One of the events that will be marking World AIDS Day on 1 December will be a vigil held outside the British Council in London.
I spoke with one of the organisers, Ash Kotak, to discuss why we should be lighting a candle on World AIDS Day.
Why is a vigil an appropriate way to mark World AIDS Day?
A vigil is a visible bringing together of friends and strangers, in memory, in remembrance and in grief and in hope. Emotion and memory are related thus vigils connect histories, narratives and form. They are ritual-like bringing collective relief, but they may surprise, bringing up a sudden, unexpected flood of sadness.
We can never be free of the past, we are always it’s prisoners no matter how much therapy we may have. We learnt how to deal with the trauma of illness, of stigma, of death. The resultant PTSD many of us have, was embedded funeral after funeral. It remains very real to us and grief is not only profound but it also has social, cultural, physical, cognitive, behavioural, spiritual and philosophical dimensions.
AIDS was a war. Many of us are scarred from the numerous battles. Shame was our own and stigma was everyone else’s. At the time there was no time for community grieving and today our memories remain. AIDS is a human rights issue. AIDS was moralised and shamed. HIV has been demonised. People living with HIV and AIDS and those who have died from AIDS have been dehumanised.
But we also celebrate survival while remembering those who didn’t make it.
We are bringing back a past tradition – the yearly London AIDS Vigil – and it will continue until there is a national tribute to HIV in the UK. Vigils have continued in Brighton and I think Manchester too.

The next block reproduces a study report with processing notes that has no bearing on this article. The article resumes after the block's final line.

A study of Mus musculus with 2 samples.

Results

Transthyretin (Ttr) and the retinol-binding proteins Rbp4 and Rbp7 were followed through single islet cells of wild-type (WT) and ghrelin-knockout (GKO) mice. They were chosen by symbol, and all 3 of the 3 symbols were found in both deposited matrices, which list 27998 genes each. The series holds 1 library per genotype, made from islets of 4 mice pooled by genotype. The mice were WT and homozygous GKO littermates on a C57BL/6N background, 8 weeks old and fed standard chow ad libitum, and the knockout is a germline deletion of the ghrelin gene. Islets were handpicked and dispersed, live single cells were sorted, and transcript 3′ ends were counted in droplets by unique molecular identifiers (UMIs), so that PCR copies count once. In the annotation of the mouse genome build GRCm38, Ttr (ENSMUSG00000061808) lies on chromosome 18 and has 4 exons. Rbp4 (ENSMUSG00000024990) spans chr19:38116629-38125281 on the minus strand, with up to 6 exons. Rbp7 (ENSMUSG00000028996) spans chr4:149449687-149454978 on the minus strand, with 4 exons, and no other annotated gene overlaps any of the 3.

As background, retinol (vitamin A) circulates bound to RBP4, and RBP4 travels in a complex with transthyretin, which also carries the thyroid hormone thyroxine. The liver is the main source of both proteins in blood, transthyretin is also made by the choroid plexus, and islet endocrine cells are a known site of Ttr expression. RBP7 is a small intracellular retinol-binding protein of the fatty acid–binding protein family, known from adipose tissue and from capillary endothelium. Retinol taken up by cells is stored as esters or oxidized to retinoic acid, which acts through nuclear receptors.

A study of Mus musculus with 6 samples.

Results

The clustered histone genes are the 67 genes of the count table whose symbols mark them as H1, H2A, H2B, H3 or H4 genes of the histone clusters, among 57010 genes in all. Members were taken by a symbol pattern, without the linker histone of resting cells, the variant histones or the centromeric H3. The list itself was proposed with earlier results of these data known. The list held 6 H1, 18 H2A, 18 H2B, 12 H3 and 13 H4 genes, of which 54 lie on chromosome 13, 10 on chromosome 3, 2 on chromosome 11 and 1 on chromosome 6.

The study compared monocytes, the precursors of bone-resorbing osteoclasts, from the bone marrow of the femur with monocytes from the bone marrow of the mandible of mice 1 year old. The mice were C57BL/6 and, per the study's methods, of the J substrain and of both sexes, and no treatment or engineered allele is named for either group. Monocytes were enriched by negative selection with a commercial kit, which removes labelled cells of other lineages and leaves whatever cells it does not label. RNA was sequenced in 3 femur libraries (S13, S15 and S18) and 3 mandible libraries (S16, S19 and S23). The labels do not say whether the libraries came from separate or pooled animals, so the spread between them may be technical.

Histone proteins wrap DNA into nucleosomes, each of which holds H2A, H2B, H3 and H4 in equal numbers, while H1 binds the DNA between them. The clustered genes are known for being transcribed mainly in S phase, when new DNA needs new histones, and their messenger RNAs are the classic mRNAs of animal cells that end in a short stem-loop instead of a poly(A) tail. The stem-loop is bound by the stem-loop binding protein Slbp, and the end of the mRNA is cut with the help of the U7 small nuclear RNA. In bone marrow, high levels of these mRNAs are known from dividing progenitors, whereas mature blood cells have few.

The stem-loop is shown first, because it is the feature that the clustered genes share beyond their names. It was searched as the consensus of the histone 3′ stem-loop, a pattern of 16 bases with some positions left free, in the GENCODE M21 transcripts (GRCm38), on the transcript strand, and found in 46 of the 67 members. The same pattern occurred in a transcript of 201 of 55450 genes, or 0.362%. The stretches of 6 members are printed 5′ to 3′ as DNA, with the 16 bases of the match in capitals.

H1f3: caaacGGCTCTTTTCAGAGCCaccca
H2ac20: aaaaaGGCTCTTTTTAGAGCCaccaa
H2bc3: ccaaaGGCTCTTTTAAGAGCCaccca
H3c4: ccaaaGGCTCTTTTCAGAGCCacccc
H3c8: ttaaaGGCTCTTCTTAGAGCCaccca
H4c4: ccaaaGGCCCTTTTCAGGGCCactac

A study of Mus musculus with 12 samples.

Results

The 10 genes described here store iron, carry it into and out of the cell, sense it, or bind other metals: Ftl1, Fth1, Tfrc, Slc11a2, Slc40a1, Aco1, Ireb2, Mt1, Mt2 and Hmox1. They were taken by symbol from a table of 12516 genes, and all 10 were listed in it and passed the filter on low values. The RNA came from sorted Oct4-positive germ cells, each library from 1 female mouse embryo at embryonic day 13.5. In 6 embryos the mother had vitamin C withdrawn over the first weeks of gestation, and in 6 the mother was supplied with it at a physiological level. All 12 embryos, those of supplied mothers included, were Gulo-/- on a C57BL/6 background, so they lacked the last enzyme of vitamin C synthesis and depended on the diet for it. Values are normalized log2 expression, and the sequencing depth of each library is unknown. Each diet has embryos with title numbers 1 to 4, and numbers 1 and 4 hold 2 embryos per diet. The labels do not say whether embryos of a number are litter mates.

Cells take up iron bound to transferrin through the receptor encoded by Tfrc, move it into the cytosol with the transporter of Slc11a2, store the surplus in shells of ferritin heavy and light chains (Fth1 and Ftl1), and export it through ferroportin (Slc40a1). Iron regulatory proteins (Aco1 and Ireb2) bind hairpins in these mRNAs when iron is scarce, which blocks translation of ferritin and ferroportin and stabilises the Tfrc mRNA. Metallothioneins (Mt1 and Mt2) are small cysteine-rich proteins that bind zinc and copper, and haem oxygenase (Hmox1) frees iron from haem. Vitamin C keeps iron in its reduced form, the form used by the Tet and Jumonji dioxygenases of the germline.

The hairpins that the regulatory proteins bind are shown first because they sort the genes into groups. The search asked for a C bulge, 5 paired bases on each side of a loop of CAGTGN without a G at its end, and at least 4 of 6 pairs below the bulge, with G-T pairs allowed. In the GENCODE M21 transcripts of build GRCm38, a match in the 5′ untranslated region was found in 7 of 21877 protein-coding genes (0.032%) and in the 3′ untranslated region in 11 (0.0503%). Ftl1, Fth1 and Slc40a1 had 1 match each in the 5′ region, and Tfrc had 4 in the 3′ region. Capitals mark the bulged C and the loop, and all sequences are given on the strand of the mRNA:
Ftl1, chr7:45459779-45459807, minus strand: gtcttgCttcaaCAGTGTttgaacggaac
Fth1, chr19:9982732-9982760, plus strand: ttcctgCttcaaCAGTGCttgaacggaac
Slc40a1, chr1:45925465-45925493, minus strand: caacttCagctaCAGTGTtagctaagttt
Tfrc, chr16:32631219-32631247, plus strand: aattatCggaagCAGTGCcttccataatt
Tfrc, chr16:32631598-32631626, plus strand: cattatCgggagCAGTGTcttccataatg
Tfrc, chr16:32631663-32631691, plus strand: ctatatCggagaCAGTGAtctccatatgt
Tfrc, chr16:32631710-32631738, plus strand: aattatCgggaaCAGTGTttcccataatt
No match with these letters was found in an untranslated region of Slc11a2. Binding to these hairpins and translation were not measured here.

The vigil stands as a temporary, yearly reminder of unity, the bringing together of people regardless of difference to fight for hope and dignity.
So, a vigil in 2018 is as poignant as it was in the pre-life-saving meds times of the 1980s and 1990s in the UK, only now we’re fighting for fellow humans who are not as lucky as us in the West – it’s very much about luck and privilege.
Why is it important to ensure that as many people as possible are able to access effective treatment following diagnosis of HIV?
Fifty percent of all people living with HIV cannot access medications. So much has been achieved, and this number is reducing, but there is still so much more to do.
No one needs to die due to HIV in 2018, and we must keep on fighting, yet AIDS-related infections and diseases still kill over 2500 people worldwide per day.
People on effective HIV medications with a sustained undetectable viral load cannot pass on HIV to anyone else. It’s a perfect tool to EndAIDS2030 alongside PeP, PrEP, and condoms.
What will happen at the vigil at the British Council?
This will be an electric candlelight vigil with poetry, a two-minute silence, and a time to take photos and to reflect.
All are welcome. It’s open to all.
The theme this year is Remembering Women Affected by HIV. So many women stood up in those early days to care and to love people dying from AIDS.
HIV has always killed many women worldwide, and it continues to today. Over half of 35 million people living with HIV worldwide are women. Too many new infections yearly are seen in young women, often due to violence and poverty. Fifty percent of all people living with HIV cannot access medications, many are women.
What do you hope that people feel as they’re taking part in the vigil?
HIV and AIDS bring up so many emotions, and each individual will have their own experience. Any lasting tribute to HIV must not dictate to anyone how they are meant to feel but allow for openness and interpretation so the viewer, who will become a participant, can reflect for themselves on what HIV and AIDS means to them.
A good example of this is the 7/7 Memorial in Hyde Park. I finish the scupture for myself with what I bring to the space. This is why it’s crucial to bring in an artist to create an installation or environment which is non invasive.
AIDS changed society, it forced us to confront prejudice about sex and sexuality, gender, race, colour, religion, culture, human rights, and so much more.
The vigil will be held on 1 December 2018, 4-5 PM, outside the British Council in London.
#AIDSMemoryUK are leading this vigil revival, with StopAIDS, Pride in London, and the British Council. It’s part of the #EndAIDS2030Festival which runs 26th November until 3rd December to coincide with 30th World AIDS Day on 1st December 2018.